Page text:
Presenteeism is when someone is physically at work, but not fully engaged or performing. As nurses, we have a lot going on both at work and outside of work, and these things (like our work environment and our own health and well-being) can affect our ability to be fully present at work.
You voted and the results are in. Here are the people who will serve in elected positions during WSNA's 2019-2021 biennium.
Nurse delegation, unlike general delegation, is a specific process within nursing under the Washington Administrative Codes. It is focused on assigning care tasks to be performed by long-term care workers within certain settings, under the management of a registered nurse, called a nurse delegator.
New nursing workforce data sheds a light on supply and demand in an increasingly changing health care landscape
The Washington Center for Nursing, the state’s nursing workforce center, has released several new reports that give insight into the changing nursing workforce in the state.
Incident reporting is a powerful source of information. When used effectively, it provides a factual description of an adverse event or near miss that supports learning, safety and improved care quality. Most health care entities utilize an electronic incident reporting system to identify opportunities for improvement.
What is incrementalism? Merriam-Webster defines it as a policy or advocacy of a policy of political or social change by degrees: gradualism. Why do we as nurses need to be aware of incrementalism? Because it’s a double-edged sword and it can cut deep.
Minnesota nurses, 4 years after passing a comprehensive workplace violence law and 3 years after obtaining security guards in the ED, are on the picket lines at Children’s, United, Methodist, North Memorial, Healtheast, Fairview, and Abbott-Northwestern hospitals. They’re asking their employers for paid time off after incidents of violence occur, and before workers compensation coverage kicks in.
As a general matter, the law does not afford employees the right to walk off the job because of unsafe conditions in the workplace. However, a situation may arise in which a nurse is confronted with an immediate choice between not performing an assignment or being subjected to a real risk of serious injury or death arising from a hazardous workplace condition.
Each employer has a duty to provide a workplace that is free of known dangers that may harm employees. Like all workers, you have the right to working conditions that are free of known health and safety hazards.
The memorial service for Beverly Smith is set for Saturday, August 10th at 10am at Holy Rosary Catholic Church. 4139 42nd Ave SW, Seattle, WA 98116.
Learn about the people who are running for elected office during WSNA's 2019-2021 biennium.
Washington Governor Jay Inslee has proclaimed May 6-12 Nurses Week in our state! The theme for this year’s National Nurses Week is 4 Million Reasons to Celebrate—a nod to nurses’ sheer numbers. Here in Washington state, we have more than 100,000 reasons to celebrate!
The latest report on the Rest Break settlement with St. Joseph Medical Center - Tacoma
The state Department of Labor and Industries on April 11 cited and fined St. Joseph Medical Center Tacoma for safety violations related to a series of attacks on nurses at the hospital. L&I’s Division of Occupational Safety and Health launched an investigation at the request of WSNA after a patient in the psychiatric unit assaulted numerous nurses in October 2018.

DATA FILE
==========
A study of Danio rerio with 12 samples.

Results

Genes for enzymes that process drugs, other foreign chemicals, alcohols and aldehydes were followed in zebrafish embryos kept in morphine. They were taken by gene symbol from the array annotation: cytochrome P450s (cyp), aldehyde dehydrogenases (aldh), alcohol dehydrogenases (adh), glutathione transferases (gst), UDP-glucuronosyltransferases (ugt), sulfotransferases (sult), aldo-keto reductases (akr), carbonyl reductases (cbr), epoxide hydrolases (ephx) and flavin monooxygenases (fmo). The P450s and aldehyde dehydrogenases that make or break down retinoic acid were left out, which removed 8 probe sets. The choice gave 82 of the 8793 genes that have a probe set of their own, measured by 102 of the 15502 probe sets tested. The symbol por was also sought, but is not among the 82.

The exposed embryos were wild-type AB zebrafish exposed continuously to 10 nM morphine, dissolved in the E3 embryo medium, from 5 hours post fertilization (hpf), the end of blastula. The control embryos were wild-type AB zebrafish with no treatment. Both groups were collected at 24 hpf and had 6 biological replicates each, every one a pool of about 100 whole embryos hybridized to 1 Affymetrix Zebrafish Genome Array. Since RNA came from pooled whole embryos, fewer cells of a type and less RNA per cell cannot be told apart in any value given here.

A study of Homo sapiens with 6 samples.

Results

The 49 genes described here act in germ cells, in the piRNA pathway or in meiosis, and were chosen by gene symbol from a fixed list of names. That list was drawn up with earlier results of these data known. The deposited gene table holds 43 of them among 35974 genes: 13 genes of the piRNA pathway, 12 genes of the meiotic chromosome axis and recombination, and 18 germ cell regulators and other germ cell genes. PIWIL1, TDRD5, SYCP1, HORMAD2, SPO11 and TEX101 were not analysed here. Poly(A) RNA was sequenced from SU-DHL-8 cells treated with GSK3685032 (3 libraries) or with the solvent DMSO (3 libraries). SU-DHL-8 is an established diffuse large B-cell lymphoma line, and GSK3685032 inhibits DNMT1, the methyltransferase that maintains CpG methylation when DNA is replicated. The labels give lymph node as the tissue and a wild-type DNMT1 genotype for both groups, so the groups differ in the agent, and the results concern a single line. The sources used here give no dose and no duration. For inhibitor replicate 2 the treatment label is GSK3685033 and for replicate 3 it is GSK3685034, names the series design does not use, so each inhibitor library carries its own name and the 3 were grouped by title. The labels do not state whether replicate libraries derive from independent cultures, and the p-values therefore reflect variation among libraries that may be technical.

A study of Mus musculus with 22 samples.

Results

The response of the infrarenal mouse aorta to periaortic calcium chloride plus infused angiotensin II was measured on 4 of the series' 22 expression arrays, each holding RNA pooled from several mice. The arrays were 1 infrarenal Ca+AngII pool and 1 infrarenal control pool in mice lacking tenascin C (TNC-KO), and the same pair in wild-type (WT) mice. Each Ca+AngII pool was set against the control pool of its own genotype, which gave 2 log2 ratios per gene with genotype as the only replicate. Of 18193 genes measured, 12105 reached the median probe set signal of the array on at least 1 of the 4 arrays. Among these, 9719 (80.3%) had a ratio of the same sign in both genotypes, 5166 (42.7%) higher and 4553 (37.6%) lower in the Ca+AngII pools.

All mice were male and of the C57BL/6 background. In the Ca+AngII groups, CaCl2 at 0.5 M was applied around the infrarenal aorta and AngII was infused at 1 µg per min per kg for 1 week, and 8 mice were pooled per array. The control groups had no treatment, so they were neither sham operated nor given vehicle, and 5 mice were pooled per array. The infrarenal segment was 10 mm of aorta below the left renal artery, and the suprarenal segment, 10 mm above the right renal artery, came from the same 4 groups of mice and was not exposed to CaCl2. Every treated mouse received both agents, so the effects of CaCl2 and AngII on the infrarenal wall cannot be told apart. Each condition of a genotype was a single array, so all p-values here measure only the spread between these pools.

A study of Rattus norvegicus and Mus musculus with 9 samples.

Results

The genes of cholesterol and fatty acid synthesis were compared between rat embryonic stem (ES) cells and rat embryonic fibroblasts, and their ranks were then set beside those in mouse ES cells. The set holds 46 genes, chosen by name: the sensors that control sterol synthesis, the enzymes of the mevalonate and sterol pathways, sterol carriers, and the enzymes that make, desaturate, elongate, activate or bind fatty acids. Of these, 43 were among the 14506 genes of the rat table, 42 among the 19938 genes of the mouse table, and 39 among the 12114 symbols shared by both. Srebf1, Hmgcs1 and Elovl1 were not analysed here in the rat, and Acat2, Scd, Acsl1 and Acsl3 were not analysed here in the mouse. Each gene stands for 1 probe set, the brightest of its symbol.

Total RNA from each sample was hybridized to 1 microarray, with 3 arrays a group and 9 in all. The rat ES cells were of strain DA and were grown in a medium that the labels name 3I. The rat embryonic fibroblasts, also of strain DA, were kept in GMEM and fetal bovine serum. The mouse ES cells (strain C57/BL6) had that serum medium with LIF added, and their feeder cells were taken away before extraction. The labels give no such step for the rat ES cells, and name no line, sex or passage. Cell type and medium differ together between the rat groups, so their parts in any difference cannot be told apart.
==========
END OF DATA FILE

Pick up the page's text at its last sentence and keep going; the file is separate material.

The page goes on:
As nurses across the country unite and advocate for their profession, St. Joseph’s Tacoma nurses are doing the same for themselves and their patients as they fight the good fight for safe staffing – and against incredibly unsafe, management mandated “alternative staffing.”
The collective voice of 4 million nurses have spoken, and they have been heard: the Washington state breaks and overtime protections bill has passed, without the bad amendments, and is on its way to the Governor. But we are not finished. We invite you to join us in our Facebook group #Beyondthecards in order to continue the momentum and nurse advocacy that has sustained the passage of our breaks and overtime protections bill.
As nurses around the country watch to see if Washington’s legislature will pass urgently needed breaks and overtime protections, we are reminded of the power nurses have owning our profession.
Senator states that nurses “probably play cards for a considerable amount of the day” in amending rest breaks bill
In perhaps one of the most demeaning statements on the nursing profession since Joy Behar’s 2015 “doctor’s stethoscope” comments on The View, Washington State Senator Maureen Walsh proclaimed on the Senate floor that Critical Access Hospital nurses should be exempt from protections in mandatory overtime because they sit around and play cards most of the day.
Margarita López Prentice, former state legislator, longtime WSNA member and inductee in the Washington State Nurses Hall of Fame, passed away quietly in her sleep of natural causes at her home in Bryn Mawr-Skyway, Washington on April 2, 2019. She was 88 years old.
Trade in your scrubs for your favorite Mariners gear during Nurses Appreciation Night, May 16.
It’s a situation most nurses can relate to. You’re standing up for your patients, your license, your job – and you’re overruled by a physician. An administrator. A pharmacist. What do you do?
Join us Wednesday, May 15 for Nurses Appreciation Night!
Ms. Smith was actively involved with WSNA for more than 55 years, and was a highly respected leader, speaker and mentor to generations of Washington nurses. She was 92.
On Tuesday, the Senate released its budget.